Less than a minute into the meeting, James Rokosch abruptly stepped forward from the audience to say, “I would like to ask you whether you ever intend to actually hold a public hearing to listen to the members of the public who would like to provide you input on matters of fire management and management of public resources like wilderness?”
Rokosch, a former Ravalli County Commissioner, was frustrated that Gianforte’s field hearing, while open to the public, did not feature an opportunity for public comment.
The Gianforte camp tells Montana Public Radio that accepting public comment wasn’t necessary since it was a field hearing and no congressional quorum was present.
Gianforte told Rokosch he’d be happy to hear from him at a later date.
“But today we’re here as an official congressional hearing," Gianforte said.
Rokosch interrupted. “So you don’t intend to have a public hearing …"
“So I appreciate you being here and I’d love to meet with you at a later time," Gianforte said.
That didn’t seem to satisfy Rokosch.
“Oh, well those of us who would have liked to have given you that input today, we’ll contact you and then wait for you to get back to us when we can actually provide you with public input," he said.
"Ok. Look forward to that," Gianforte responded.
With that, Rokosch and about 15 others walked out of the cramped, stuffy Ravalli County commissioners conference room in protest.
Gianforte proceeded with the hearing. His scheduled guests included Ravalli County Commissioner Jeff Burrows and Shawna Lagarza, the Forest Service’s national director of Fire and Aviation Management.
But it was retired Forest Service employee and management consultant Richard Stem who offered some of the most pointed critique of current forest management practices nationwide.
“Forty years from now someone’s going to look back and say, ‘What’d you do about this?'" he said. "And just standing by and putting the fires out, to me, personally is not acceptable.”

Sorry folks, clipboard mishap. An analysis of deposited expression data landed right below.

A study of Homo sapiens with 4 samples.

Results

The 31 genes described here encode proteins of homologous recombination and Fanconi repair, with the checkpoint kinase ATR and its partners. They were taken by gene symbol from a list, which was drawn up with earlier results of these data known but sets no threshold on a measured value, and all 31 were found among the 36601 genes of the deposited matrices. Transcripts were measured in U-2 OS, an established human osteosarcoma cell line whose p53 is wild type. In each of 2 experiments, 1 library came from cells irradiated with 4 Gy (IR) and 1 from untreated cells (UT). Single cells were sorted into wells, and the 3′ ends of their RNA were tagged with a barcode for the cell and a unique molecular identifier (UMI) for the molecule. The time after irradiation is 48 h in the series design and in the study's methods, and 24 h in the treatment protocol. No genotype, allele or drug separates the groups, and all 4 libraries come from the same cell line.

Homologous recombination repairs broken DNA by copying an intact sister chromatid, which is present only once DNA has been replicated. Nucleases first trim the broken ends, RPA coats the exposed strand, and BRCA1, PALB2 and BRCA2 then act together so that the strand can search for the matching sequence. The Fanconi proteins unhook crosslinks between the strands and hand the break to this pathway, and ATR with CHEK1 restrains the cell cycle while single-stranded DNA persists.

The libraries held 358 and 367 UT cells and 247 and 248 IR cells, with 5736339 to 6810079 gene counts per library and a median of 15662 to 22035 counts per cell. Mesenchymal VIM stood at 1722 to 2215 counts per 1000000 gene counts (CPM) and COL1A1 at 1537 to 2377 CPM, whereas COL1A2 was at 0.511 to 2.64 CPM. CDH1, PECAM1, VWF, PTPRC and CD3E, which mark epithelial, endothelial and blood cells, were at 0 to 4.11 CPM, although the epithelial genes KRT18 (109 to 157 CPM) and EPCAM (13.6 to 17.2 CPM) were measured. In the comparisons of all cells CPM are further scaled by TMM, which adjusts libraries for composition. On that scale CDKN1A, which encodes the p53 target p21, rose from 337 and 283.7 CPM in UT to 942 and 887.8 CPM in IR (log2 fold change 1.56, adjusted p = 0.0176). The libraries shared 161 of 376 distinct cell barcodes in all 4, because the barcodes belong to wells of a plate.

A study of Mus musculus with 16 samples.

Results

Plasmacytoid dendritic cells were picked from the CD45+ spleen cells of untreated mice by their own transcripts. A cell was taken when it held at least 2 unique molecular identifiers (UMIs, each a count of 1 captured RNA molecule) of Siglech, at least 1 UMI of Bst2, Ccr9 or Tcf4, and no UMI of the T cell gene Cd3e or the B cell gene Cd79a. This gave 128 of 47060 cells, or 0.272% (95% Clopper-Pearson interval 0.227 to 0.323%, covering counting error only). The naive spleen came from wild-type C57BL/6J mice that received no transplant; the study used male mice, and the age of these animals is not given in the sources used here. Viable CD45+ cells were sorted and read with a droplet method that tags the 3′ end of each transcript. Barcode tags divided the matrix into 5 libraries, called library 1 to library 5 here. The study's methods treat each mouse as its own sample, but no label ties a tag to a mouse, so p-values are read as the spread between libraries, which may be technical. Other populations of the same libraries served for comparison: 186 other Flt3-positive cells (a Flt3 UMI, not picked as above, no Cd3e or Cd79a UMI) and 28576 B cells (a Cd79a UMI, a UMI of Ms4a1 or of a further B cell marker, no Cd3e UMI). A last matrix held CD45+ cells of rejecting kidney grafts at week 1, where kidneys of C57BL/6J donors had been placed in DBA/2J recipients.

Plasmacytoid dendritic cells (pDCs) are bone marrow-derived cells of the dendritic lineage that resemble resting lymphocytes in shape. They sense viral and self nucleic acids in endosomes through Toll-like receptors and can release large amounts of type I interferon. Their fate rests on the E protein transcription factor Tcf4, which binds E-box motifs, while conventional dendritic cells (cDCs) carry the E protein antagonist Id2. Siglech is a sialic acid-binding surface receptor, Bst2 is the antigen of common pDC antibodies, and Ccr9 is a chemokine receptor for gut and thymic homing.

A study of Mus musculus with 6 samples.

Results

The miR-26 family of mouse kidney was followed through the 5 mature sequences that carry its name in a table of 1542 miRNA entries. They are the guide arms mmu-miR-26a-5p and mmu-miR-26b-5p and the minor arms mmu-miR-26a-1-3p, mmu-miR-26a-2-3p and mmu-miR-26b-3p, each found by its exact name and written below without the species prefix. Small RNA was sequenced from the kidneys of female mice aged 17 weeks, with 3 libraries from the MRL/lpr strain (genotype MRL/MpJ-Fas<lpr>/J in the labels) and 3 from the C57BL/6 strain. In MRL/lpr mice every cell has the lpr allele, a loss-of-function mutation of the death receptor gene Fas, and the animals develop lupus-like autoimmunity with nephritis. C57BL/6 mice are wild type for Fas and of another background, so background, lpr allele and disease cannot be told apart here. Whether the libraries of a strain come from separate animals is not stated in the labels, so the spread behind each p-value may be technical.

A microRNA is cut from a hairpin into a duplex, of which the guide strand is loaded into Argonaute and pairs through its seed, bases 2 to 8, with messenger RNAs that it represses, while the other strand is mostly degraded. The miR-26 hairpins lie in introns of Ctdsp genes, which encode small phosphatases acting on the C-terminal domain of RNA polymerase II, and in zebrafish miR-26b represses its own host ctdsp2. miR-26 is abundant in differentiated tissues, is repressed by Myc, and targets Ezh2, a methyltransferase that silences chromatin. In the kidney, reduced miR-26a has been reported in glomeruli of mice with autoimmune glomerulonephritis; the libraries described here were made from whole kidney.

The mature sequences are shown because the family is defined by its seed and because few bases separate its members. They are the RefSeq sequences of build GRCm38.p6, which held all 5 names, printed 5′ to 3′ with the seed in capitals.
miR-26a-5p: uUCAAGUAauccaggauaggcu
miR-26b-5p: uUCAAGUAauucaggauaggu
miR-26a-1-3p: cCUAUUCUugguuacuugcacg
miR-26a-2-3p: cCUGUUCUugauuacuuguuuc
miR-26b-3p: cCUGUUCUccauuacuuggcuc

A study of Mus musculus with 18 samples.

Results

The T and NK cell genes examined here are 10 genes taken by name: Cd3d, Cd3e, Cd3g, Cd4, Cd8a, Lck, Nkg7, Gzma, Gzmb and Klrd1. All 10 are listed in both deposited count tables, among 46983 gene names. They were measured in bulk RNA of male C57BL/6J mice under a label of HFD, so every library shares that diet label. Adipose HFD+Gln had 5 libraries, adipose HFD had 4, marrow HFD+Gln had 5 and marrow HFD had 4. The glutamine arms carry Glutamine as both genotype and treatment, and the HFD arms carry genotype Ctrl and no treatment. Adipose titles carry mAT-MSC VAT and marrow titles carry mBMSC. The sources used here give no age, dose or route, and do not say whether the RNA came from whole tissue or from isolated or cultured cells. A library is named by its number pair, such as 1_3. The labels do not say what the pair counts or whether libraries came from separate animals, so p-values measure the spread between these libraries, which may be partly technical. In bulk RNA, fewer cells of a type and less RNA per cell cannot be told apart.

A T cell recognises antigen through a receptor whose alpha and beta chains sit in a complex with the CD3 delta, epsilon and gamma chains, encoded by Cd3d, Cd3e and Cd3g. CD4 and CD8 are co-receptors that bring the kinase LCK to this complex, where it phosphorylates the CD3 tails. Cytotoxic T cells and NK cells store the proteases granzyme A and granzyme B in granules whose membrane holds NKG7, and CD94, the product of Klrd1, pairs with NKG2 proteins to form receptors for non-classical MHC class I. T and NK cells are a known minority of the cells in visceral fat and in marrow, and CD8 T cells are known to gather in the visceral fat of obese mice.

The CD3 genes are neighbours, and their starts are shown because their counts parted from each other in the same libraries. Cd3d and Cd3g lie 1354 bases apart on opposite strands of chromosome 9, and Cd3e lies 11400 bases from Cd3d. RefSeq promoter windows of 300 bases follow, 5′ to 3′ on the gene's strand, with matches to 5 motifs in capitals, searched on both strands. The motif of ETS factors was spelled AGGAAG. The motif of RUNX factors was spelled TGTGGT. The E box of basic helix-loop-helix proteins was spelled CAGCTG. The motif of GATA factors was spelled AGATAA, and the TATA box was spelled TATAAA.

Stem, who’s Forest Service career spanned nearly three decades and included various leadership positions, singled out the agency’s Region One – Montana and Northern Idaho – for recently stepping up the scale and pace of forest restoration.
“However – I gotta put the ‘however’ in here – overall the agency has some real roadblocks to really stepping up this pace," Stem said.
Stem said one of those roadblocks is shrinking staffing levels.
“They have a lack of capacity and personnel and skills because they’ve lost a lot of that capacity over the last 15 years due to firefighting and some budget concerns," he said.
Stem said the underlying regulations guiding the National Environmental Policy Act are in desperate need of a tune up.
"A lot of this stuff has right now gotten very fuzzy over the years because of court mandates or whatever has happened," he said. "And what I believe right now is we just need to kind of need to clean the system and say ‘what’s working and what’s not?’ You don’t cut the public out, you don’t shortcut anything. What you do is you make it more effective and more modern.”
Ravalli County Commissioner Jeff Burrows agrees.
“When we've got 73 to 75-percent of our community is forest and we’re cranking out one project a year, it’s just not enough," Burrows said. "We’re not getting enough done. Sometimes if they get tied up in litigation we don’t get a project out that year. I think we need to increase the pace and scale however that is, whether it’s streamlining the NEPA process, more staff, however we get there, that’s what we need to do.”
Environmental groups point out they haven’t sued to stop a logging project on the Bitterroot National Forest in over a decade.
Washington D.C.-based Forest Service Fire and Aviation Management director Shawna Lagarza stressed the importance of collaboration, communication and active management of fuels on Forest Service lands:
“We need to work more together with our local communities about pre-fire, pre-planning, pre-attack plans, meetings, evacuation routes, who has your bags packed, are you ready to go if a fire comes in there and what kind of management are you going to do on your forests or your lands that are in that area," she said.
Outside, after the meeting concluded, Stevensville resident Marilyn Wolff vehemently disagreed with those who advocate for scaling back rules such as NEPA.
“You can’t cut your way out of this," she said. "Lightning is indiscriminate. I think we do what we can around communities with Wildland Urban Interface treatment.”
She also expressed disappointment that public testimony wasn’t accepted.
“You’re just talking to people that you’ve preselected to interview," she said. "That is recorded, but you need to hear from the locals on this information. And so far Gianforte hasn’t been meeting with the public.”
Before he left, I asked Congressman Gianforte, “To those who say, we’re in this situation because the forests have been managed by the federal government, we need to transfer these forests to state control, you would say what?"
“I don’t think it’s a matter of who holds the deed," Gianforte said. "I do not support deed-transfer to the state. Public lands must stay public lands. I am an advocate, as was expressed today, of more collaboration and more local management – not transfer of deed of these forests. Because I think people on the ground here locally, the county commissioners, local law enforcement, they know the real issues on the front lines.”